Schwann cells produce myelin sheath around peripheral nerve axons. Myelination is critical for rapid propagation of action potentials, as illustrated by the large number of acquired and hereditary peripheral neuropathies, such as diabetic neuropathy or Charcot-Marie-Tooth diseases, that are commonly associated with a process of demyelination. However, the early molecular events that trigger the demyelination program in these diseases remain unknown. Here, we used virally delivered fluorescent probes and in vivo time-lapse imaging in a mouse model of demyelination to investigate the underlying mechanisms of the demyelination process. We demonstrated that mitochondrial calcium released by voltage-dependent anion channel 1 (VDAC1) after sciatic nerve injury triggers Schwann cell demyelination via ERK1/2, p38, JNK, and c-JUN activation. In diabetic mice, VDAC1 activity was altered, resulting in a mitochondrial calcium leak in Schwann cell cytoplasm, thereby priming the cell for demyelination. Moreover, reduction of mitochondrial calcium release, either by shRNA-mediated VDAC1 silencing or pharmacological inhibition, prevented demyelination, leading to nerve conduction and neuromuscular performance recovery in rodent models of diabetic neuropathy and Charcot-Marie-Tooth diseases. Therefore, this study identifies mitochondria as the early key factor in the molecular mechanism of peripheral demyelination and opens a potential opportunity for the treatment of demyelinating peripheral neuropathies.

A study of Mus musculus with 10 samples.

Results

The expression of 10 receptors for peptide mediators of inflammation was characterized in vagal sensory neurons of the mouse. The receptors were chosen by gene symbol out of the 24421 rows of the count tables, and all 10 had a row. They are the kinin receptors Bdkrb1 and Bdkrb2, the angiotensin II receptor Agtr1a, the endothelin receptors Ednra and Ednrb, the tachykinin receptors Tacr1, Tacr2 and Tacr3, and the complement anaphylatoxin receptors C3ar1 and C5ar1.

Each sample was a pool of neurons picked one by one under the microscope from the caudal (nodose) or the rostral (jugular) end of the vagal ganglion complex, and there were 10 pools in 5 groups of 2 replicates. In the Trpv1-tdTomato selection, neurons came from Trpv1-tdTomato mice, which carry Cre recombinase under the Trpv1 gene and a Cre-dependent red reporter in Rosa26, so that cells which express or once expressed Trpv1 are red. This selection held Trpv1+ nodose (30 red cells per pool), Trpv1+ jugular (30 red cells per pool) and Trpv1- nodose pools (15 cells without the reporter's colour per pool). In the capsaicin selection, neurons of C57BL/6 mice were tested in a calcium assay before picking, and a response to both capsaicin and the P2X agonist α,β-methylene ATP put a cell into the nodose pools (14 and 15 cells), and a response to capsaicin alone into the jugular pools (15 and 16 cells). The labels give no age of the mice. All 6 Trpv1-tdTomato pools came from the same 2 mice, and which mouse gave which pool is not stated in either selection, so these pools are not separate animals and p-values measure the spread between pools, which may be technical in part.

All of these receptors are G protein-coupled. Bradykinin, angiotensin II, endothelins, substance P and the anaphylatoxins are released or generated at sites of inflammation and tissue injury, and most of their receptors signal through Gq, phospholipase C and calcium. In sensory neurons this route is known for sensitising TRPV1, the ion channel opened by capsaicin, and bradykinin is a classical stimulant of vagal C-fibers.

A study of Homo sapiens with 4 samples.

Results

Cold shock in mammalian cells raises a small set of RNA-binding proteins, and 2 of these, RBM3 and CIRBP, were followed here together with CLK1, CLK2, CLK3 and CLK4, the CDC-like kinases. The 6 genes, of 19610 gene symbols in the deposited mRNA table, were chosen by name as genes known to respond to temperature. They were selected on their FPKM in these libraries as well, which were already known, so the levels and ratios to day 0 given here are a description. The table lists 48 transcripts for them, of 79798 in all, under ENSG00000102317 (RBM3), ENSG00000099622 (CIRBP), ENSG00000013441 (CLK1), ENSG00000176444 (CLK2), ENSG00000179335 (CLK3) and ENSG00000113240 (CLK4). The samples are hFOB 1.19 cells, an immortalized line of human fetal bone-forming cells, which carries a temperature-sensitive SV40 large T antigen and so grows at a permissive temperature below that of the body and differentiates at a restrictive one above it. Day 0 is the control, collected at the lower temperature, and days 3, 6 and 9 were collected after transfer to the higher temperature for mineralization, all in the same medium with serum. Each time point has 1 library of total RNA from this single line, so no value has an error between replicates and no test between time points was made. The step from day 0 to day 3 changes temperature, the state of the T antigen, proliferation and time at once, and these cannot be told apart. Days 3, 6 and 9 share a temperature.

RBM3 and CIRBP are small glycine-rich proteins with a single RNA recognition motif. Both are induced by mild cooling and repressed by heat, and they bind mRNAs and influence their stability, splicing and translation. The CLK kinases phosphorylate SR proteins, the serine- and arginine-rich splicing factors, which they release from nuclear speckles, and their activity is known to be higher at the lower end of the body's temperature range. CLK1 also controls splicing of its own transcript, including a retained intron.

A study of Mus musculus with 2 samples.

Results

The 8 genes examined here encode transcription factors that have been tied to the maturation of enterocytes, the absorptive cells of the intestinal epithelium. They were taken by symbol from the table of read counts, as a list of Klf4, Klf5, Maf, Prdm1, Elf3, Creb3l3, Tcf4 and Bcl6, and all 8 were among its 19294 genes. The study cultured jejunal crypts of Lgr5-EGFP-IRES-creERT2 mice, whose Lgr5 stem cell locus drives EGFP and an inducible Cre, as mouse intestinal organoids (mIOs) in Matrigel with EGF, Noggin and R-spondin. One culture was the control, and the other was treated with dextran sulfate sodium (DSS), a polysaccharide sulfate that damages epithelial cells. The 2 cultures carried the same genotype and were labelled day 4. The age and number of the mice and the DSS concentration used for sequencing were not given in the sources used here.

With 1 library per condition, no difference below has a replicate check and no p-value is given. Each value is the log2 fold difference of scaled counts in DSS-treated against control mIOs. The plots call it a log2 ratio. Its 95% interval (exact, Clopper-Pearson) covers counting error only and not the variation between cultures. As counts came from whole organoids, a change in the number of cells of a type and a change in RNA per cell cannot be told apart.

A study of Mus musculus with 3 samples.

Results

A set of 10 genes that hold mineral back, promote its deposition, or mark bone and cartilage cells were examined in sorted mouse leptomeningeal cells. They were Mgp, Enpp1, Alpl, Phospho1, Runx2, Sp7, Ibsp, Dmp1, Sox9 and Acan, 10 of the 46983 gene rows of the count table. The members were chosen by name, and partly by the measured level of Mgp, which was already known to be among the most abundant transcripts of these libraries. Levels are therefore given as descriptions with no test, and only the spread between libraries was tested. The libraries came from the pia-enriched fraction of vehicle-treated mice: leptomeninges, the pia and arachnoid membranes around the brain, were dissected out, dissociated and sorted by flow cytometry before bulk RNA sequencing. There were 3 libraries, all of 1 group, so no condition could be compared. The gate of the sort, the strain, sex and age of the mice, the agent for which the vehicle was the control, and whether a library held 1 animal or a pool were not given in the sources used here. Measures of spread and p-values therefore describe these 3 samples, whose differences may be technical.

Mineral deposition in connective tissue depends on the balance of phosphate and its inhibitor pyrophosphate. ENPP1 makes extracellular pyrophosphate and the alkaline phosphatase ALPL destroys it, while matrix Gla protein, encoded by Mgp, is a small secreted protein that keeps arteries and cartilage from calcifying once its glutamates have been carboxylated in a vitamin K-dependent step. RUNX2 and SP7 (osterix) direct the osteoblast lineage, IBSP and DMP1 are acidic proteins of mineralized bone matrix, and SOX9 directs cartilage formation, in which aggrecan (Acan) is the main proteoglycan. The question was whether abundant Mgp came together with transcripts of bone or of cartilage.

Sergio Gonzalez, Jade Berthelot, Jennifer Jiner, Claire Perrin-Tricaud, Ruani Fernando, Roman Chrast, Guy Lenaers, Nicolas Tricaud
Usage data is cumulative from January 2020 through January 2021.
Usage information is collected from two different sources: this site (JCI) and Pubmed Central (PMC). JCI information (compiled daily) shows human readership based on methods we employ to screen out robotic usage. PMC information (aggregated monthly) is also similarly screened of robotic usage.
Various methods are used to distinguish robotic usage. For example, Google automatically scans articles to add to its search index and identifies itself as robotic; other services might not clearly identify themselves as robotic, or they are new or unknown as robotic. Because this activity can be misinterpreted as human readership, data may be re-processed periodically to reflect an improved understanding of robotic activity. Because of these factors, readers should consider usage information illustrative but subject to change.